CRI talked to an expert from an acclaimed U.S. cultural institution to find out.

Ancient ink paintings or cultural relic exhibits from China are still fresh to museum-goers in Europe and the United States, but foreigners at a cultural lecture in Beijing needed something a bit more up-to-date.

The lecture, sponsored by the American Chamber of Commerce in China, aimed to unfold the complex layers of contemporary Chinese culture, rather than those of its ancient history.

A visitor looks at Chinese cultural artifacts at a museum in Pretoria, South Africa, March 27, 2008. [Photo: Xinhua]

Dr. Vishakha Desai served as the keynote speaker at the event. She is the president of the Asia Society, an institution committed to promoting Sino-U.S. relations, especially from cultural and arts perspectives.

"When we say the role of culture, we must think about contemporary production of culture, as well as its past. I think that a romantic revival of the past without thinking of its relevance for the future and the present is, in fact, going to only put culture in a mausoleum. What we're going to think about is that culture is alive, and liveliness of culture means promotion of contemporary art practices, promotion of contemporary cultural tendencies. And contemporary culture in China and India or anywhere else is no longer going to be just isolated, because we live in a global world."

Desai pointed out that more western people became interested in Chinese culture after the country initiated the Reform and Opening-up policy in late 1970's. During that time, western knowledge of Chinese culture was limited. This inspired the Asia Society to do something different.

"What happened was that, in early 1980's in America, when people thought of Chinese art, they only thought of traditional art - ceramics, ancient Buddhas, things like that. That is a wrong perception. We needed to change that. We are very proud to say that we are the first institution in America to do the first major contemporary art exhibition from China. We started working on it from 1993 to 1994, and the exhibition was held in 1998. Today it is recognized as the single most important show of contemporary visual art from China."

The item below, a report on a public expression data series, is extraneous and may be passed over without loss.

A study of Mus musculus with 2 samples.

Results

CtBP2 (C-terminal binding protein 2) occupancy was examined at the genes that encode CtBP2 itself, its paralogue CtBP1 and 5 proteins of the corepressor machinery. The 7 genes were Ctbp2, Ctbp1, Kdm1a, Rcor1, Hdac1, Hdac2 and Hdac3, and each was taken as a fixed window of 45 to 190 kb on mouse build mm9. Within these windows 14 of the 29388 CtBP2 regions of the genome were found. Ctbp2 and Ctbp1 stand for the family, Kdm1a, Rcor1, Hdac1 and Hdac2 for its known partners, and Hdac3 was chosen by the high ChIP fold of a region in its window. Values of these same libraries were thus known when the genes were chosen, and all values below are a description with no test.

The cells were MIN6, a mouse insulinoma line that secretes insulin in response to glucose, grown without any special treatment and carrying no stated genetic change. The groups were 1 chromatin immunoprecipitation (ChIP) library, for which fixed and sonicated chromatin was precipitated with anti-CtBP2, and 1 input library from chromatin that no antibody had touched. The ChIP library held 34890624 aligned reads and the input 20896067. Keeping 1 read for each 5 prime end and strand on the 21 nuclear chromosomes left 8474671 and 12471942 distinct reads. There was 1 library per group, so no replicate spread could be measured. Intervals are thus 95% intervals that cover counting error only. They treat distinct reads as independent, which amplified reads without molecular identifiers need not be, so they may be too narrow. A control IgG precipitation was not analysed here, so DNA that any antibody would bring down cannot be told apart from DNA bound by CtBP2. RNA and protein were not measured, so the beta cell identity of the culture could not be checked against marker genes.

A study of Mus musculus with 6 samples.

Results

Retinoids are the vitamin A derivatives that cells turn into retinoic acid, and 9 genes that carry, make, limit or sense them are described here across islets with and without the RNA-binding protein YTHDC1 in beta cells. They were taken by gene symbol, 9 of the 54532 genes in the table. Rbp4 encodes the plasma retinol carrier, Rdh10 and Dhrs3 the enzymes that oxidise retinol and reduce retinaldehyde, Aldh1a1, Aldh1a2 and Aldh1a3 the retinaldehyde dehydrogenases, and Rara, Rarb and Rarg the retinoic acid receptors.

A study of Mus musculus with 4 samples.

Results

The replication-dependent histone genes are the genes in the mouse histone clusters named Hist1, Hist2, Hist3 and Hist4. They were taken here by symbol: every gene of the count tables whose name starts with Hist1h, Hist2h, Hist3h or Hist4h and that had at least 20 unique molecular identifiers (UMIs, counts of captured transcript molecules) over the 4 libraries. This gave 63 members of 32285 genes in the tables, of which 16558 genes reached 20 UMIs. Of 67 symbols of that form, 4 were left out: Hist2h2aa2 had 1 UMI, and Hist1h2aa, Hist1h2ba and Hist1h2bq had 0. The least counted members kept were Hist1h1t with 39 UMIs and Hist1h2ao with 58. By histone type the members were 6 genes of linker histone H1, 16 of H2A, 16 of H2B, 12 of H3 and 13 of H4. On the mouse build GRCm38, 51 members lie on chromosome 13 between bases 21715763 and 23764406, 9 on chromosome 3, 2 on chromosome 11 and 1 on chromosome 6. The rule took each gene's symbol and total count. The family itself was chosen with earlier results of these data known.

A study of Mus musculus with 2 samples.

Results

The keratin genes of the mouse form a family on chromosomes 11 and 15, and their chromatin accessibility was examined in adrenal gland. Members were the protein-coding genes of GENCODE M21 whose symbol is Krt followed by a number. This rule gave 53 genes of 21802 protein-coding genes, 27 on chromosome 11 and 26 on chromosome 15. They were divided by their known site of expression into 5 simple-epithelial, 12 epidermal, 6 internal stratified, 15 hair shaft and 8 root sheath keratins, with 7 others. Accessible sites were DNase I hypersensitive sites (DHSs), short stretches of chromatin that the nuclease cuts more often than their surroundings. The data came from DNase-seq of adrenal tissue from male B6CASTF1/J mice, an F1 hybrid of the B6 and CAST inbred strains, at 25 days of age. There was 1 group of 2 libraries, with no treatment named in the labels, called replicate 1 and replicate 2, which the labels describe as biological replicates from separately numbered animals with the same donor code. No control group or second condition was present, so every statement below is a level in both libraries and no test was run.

Asia Society President Dr. Vishakha Desai speaks during a lecture sponsored by the American Chamber of Commerce in China on Wednesday, March 26, 2008 in Beijing. [Photo: CRIENGLISH.com/Luo Dan]

Desai formerly served as the organization's museum director, where she established her reputation by introducing contemporary Asian art to a broad western audience. She still remembers some of the Chinese artists who cooperated with the Asia Society in the early years.

"We have presented contemporary performing artists of China, so we are very proud of our relationship with Tan Dun and Cai Guoqiang. There are all great friends of the institution, and we are very proud of this relationship."

Tan Dun is no stranger to Chinese audiences. The composer and conductor won an Academy Award in 2001 for his soundtrack for the Ang Lee film "Crouching Tiger, Hidden Dragon." Desai said Tan became more popular with American audiences after participating in the 2006 world premiere of the opera "The First Emperor" in New York City.